The wellbeing of people is interconnected with the health of nature.
We know in our hearts from everyday experience that we thrive when we have healthy relationships with ourselves, other people, community/society and with the rest of nature, there is now mountains of research that backs this up. Some people call these types of feelings a sense of connection; connection is at the heart of wellbeing and wellbeing is what allows us to thrive.
Wellbeing = healthy relationships with self, others and nature.
Reason for being
HumaNature Connect was founded in 2013 in response to the mechanical and siloed way in which our society is addressing the environmental crisis we face. Whole conversations and solutions could be crafted in offices in the name of environmental sustainability without even mentioning plants, animals or any of the natural world including people, that we are trying to sustain. I made it my mission to bring nature back into every day consciousness by working across the environment and wellbeing sectors to ‘pollinate’ each with new ideas about how they could take an integrated approach toward a thriving natural world including humans.
Programs, workshops and presentations introduce human wellbeing into the conversation about environmental health and introduce the health of the natural environment into the conversation about human wellbeing. We will thrive if we can notice nature again, see how we are part of nature, see that nature is an essential part of human wellbeing and if we remember that it is nature that we are trying to sustain.
Erica Gurner – Director HumaNature Connect
See nature- see self in nature – see nature in wellbeing and environmental health.
Drawing on twenty years of experience working in the fields of biological science, outdoor education, bush and adventure therapy, and health promotion, HumaNature Connect offers a wide range of experiences and learning opportunities.
Values and ways of working
Understanding our responsibility: We all are indigenous to this earth, every human being has the responsibility of environmental stewardship. There is much we can learn from Aboriginal people that will help us move beyond the western utilitarian definition of the human-nature relationship and foster a more holistic understanding that encompasses our physical, psychological and spiritual relationship with the rest of nature.
Re-inspiring creativity, curiosity and contribution: Imagine how much the world would thrive if everyone had the scope to live their values and passions in their work and personal life. What if we measured success in our personal and work life on how well we had contributed to making our natural and social world a better place rather than just material growth and mastery.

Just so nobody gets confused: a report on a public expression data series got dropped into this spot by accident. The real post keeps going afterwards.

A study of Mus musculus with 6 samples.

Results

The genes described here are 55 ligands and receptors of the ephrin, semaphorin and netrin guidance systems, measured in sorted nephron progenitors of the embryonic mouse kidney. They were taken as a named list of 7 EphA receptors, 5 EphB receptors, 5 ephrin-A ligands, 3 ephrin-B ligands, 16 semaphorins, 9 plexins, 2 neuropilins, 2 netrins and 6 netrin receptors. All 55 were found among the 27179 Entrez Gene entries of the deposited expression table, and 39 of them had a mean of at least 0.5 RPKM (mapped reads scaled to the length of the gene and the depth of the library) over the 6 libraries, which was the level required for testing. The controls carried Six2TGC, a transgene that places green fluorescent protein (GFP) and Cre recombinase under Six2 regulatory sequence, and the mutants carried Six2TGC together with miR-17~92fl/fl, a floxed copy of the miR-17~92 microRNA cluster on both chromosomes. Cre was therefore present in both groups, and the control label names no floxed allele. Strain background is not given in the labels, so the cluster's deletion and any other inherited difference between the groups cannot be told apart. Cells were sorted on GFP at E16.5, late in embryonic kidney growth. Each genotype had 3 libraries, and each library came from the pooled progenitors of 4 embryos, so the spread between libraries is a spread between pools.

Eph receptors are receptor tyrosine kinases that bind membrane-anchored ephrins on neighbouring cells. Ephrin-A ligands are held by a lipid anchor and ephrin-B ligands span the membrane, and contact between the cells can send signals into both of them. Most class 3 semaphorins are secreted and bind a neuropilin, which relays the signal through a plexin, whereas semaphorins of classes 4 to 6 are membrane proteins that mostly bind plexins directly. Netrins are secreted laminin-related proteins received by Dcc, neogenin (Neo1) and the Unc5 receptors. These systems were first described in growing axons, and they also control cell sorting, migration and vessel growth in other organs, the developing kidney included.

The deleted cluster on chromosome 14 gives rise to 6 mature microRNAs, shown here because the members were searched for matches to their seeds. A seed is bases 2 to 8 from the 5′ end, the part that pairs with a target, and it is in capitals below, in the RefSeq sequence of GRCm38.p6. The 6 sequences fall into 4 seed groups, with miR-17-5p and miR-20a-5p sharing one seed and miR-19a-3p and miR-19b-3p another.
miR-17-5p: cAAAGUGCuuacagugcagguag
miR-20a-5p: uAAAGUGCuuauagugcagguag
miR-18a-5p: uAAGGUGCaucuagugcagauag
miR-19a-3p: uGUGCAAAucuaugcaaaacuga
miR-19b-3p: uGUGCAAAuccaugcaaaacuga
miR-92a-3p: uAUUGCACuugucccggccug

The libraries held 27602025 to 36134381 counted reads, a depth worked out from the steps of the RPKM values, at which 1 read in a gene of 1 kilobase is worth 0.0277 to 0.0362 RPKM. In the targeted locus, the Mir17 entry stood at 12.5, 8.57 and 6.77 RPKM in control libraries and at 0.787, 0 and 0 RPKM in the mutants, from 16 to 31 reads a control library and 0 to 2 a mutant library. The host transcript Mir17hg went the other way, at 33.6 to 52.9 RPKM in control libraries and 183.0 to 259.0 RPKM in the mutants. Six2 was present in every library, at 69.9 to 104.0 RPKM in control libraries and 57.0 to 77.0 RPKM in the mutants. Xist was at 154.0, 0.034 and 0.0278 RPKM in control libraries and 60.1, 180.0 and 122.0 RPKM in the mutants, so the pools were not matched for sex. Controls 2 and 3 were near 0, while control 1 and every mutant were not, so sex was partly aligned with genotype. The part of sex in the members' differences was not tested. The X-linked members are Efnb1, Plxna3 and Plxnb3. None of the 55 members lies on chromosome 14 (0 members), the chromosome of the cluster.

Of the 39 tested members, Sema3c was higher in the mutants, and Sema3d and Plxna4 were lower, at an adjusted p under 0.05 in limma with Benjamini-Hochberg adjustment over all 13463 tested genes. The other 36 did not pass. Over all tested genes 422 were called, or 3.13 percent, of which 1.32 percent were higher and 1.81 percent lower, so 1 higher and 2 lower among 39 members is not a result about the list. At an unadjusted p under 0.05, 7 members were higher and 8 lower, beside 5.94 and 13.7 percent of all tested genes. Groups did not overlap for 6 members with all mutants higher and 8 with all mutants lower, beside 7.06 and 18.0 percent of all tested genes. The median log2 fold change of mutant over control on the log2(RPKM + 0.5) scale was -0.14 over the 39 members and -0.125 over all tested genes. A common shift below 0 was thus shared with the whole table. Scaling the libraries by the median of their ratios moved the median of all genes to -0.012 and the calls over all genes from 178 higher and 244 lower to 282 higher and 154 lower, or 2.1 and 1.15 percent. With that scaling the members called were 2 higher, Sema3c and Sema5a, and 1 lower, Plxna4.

Interconnected approach: Environmental health and human wellbeing are intrinsically linked. To truly understand this concept requires a paradigm shift which can only be achieved through a deeper, broader level of inquiry that fosters empathy.
Learning is a transformational process of experience, reflection and meaning making. We work with the key questions: What have I experienced, what do I think I know, value and believe, what does that mean now and how will I take that new knowledge forward? The learning we gain needs to be understood and valued along side of the ‘scientific’ evidence base.
Informing fields of thought
The work is informed by many different fields of thought and techniques associated with personal and social transformation including:
- Health Promotion
- Environmental interpretation
- Strength based and narrative approaches
- Social transformation processes -e.g. Utheory (deep listening); future visioning; collective thinking, human centred design
- Behaviour change theory and Social Marketing
- Creative inquiry process; art therapy
- Nature and outdoor education; bush adventure therapy
- Indigenous ways of knowing
- Education for Sustainability
- Social Ecology; Human Ecology
Who we work with
Organisations, groups and individuals who are interested in thriving. We also believe everyone has the human right to access nature and so we work with some of the most excluded in the community through community mental health programs.